IDC: PCs Suffer Holiday Sales Decline for First Time in Five Years


At this point, it's safe to say that the much-balleyhooed launch of Windows 8 simply hasn't wooed consumers the way the industry hoped it would. Just a week ago, NPD declared that sales of Windows notebooks specifically were down a whopping 11 percent during the holiday season.

While some of the decline can be laid at the feet of tablet cannibalization and the fact that consumers are now waiting longer to replace their existing PCs, IDC analyst Jay Chou says PC manufacturers have to shoulder some of the blame themselves. "Lost in the shuffle to promote a touch-centric PC, vendors have not forcefully stressed other features that promote a more secure, reliable and efficient user experience," he wrote in the group's press release.

The stumble at the finish line contributed to the PC industry shipping 3.2 percent fewer units in 2012 than it did in 2011, IDC reports, though PC sales in the U.S. alone slipped a full 7 percent. Even so, there are some bright spots to focus on. Lenovo and ASUS each bucked the downward trends and enjoyed a strong year, with Lenovo threatening HP's stranglehold on the number one spot. Also, the hardware on display at CES 2013 demonstrated that manufacturers are fully on board with Microsoft's touch-first, tablet-esque vision of the PC's future. 

The big question: Are consumers on the same page? Chou is skeptical; IDC expects PC sales to grow only 2.8 percent in 2013.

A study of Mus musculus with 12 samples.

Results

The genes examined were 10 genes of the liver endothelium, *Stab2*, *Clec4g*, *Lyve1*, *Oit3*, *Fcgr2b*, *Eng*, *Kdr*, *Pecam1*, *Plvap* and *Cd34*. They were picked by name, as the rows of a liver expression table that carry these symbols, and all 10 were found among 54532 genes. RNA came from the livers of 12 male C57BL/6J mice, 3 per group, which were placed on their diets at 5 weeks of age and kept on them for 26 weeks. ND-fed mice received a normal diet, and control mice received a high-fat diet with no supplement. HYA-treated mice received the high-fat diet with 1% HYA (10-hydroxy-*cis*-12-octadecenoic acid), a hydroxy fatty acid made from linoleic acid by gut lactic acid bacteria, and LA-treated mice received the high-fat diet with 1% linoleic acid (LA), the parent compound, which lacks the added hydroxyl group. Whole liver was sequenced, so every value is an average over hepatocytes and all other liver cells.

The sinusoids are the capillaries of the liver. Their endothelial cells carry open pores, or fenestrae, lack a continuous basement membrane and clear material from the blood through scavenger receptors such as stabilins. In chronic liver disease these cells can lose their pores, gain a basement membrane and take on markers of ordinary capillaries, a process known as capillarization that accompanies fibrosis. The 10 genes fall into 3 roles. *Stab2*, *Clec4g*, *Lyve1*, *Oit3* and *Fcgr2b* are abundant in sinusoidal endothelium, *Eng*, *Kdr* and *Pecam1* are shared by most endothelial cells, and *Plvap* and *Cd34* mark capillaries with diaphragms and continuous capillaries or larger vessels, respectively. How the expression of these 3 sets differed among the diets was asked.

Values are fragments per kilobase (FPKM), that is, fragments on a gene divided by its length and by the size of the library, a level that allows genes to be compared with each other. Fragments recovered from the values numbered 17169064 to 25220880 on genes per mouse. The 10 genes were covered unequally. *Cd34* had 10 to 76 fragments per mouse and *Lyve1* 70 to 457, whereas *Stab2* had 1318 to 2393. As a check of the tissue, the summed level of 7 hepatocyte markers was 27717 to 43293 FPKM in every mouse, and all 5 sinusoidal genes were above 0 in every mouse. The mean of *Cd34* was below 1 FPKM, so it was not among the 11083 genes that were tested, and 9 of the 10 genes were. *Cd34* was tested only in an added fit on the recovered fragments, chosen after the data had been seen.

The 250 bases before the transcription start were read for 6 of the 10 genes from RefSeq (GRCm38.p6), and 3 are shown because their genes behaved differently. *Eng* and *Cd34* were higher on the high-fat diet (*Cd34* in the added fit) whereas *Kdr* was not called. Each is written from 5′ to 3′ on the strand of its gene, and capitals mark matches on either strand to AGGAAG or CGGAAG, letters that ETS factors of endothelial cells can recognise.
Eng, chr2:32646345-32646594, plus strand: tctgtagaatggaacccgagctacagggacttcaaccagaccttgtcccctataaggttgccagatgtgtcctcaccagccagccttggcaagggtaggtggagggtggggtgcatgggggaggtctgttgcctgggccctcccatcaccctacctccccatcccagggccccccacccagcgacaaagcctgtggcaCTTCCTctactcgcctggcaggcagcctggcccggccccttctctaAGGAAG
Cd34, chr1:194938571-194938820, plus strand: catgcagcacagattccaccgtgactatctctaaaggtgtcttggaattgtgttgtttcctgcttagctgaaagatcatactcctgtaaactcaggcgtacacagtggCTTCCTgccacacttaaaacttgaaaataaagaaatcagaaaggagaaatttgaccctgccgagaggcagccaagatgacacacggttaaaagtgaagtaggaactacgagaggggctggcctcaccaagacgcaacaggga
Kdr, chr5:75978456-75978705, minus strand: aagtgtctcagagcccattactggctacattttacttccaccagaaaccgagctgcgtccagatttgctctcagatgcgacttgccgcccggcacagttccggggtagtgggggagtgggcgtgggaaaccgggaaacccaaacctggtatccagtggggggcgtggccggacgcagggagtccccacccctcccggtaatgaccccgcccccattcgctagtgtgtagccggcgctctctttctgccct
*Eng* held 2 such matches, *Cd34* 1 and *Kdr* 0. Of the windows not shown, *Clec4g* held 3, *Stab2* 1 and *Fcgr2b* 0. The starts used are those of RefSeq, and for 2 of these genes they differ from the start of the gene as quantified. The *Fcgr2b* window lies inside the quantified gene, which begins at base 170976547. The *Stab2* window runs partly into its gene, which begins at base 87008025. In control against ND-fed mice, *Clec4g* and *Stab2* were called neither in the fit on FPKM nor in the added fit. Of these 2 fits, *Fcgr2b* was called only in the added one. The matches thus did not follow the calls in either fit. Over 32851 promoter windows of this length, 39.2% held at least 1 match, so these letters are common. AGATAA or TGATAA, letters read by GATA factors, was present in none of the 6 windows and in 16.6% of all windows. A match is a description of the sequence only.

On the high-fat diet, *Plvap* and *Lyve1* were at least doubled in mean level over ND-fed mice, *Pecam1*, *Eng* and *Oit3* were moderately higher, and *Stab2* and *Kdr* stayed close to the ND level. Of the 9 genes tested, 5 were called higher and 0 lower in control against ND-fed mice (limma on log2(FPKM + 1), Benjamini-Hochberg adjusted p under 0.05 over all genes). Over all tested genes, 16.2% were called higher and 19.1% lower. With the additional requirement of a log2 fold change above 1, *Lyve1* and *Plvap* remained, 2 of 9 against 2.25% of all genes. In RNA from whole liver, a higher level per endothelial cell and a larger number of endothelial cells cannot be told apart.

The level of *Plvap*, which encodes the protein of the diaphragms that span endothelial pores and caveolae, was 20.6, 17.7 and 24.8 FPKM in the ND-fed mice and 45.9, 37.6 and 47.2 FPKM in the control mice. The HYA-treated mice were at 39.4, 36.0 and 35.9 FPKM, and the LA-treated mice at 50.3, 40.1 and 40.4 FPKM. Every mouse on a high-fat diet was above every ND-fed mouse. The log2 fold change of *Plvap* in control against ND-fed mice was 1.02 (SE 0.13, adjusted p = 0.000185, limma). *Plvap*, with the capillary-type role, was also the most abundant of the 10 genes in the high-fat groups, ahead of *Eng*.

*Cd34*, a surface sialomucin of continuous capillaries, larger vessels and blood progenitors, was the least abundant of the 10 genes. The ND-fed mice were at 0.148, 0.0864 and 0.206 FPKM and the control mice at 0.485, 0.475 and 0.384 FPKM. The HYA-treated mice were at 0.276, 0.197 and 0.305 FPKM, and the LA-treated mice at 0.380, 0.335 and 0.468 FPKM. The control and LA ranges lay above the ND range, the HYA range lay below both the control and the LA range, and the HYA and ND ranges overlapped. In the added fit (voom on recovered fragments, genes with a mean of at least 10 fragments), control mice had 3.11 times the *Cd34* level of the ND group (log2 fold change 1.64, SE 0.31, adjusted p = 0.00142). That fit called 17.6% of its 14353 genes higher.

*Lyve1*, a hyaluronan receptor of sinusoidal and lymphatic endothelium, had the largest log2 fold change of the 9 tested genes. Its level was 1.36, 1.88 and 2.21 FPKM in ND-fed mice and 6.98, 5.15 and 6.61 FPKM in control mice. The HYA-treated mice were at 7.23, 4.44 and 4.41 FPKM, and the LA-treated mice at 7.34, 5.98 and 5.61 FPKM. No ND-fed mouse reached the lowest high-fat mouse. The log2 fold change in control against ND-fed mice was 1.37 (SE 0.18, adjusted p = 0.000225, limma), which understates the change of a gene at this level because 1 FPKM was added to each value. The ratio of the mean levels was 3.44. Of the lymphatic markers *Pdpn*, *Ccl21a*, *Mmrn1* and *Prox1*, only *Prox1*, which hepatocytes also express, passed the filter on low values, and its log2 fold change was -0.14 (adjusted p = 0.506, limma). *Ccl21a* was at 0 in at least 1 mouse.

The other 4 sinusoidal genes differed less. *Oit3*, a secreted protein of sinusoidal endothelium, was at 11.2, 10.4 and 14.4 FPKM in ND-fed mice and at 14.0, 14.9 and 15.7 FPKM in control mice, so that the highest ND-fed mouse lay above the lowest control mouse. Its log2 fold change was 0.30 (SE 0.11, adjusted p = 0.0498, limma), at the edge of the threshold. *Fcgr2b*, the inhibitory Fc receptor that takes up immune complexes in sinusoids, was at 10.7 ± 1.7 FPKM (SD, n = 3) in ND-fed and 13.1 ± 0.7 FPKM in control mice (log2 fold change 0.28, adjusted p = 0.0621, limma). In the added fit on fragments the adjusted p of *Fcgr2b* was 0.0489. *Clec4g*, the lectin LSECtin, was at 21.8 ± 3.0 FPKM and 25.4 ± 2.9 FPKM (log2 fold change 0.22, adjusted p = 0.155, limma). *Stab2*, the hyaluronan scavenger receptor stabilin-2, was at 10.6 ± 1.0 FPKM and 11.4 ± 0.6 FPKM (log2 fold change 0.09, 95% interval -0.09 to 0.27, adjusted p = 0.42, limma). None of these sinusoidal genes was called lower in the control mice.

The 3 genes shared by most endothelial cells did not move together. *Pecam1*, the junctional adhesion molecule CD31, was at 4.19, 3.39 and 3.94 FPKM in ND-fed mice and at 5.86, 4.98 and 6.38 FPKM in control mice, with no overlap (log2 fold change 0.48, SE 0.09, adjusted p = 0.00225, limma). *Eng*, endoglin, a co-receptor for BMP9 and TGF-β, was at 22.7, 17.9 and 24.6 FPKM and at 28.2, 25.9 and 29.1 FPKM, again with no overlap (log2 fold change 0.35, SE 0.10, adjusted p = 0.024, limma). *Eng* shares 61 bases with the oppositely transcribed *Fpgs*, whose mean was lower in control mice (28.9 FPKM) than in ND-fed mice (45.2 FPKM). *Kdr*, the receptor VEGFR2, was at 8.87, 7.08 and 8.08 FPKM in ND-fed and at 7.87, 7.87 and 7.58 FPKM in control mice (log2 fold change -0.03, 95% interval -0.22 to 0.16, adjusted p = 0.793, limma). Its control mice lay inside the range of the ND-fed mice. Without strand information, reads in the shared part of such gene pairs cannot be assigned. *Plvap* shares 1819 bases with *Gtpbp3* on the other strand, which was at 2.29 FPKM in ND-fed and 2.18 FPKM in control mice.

via IDC and Reuters

  • JM Says:

    It behooves me that PC manufacturers, pundits, et al., have not figured this sales-drop out. First, the 'Ultrabook' is a 'pay-more-for-less' PC that customers see and, understand. Next, show me a Best Buy that doesn't have a DVD section up-front of their store, then show me the $4.99 DVD's that are sold out. Who is buying all these? The family with the WB mini-van? I don't think so.
    Yes, consumers are holding onto their older products. Why? Ever hear of the recession? Anyone see how many consumers have been affected by the economy? Or maybe the disasters that have hit different areas of the US? These wouldn't have anything to do with the sales drop would it?
    Yes, Windows 8 has arrived. Nope, most don't care. Why? Who wants to be frustrated into learning some new system that is not what they have learned over the past 15 years or so with all the 'similar' Microsoft systems? Sure, it's novel and similar to the new smartphones, but the consumers PC is just not a smartphone. After 15 years or so of learning how to use 'Windows', now they have to figure out a new system that 'hides' things? The consumer is smarter than that. We have all been conditioned over the years with a certain way of working a PC. Change will not be quick with a new OS that prevents immediate productivity.
    Econimics 101: The rich want to stay rich! Analysts who can't figure out why sales have dropped are not in that group. Welcome to reality.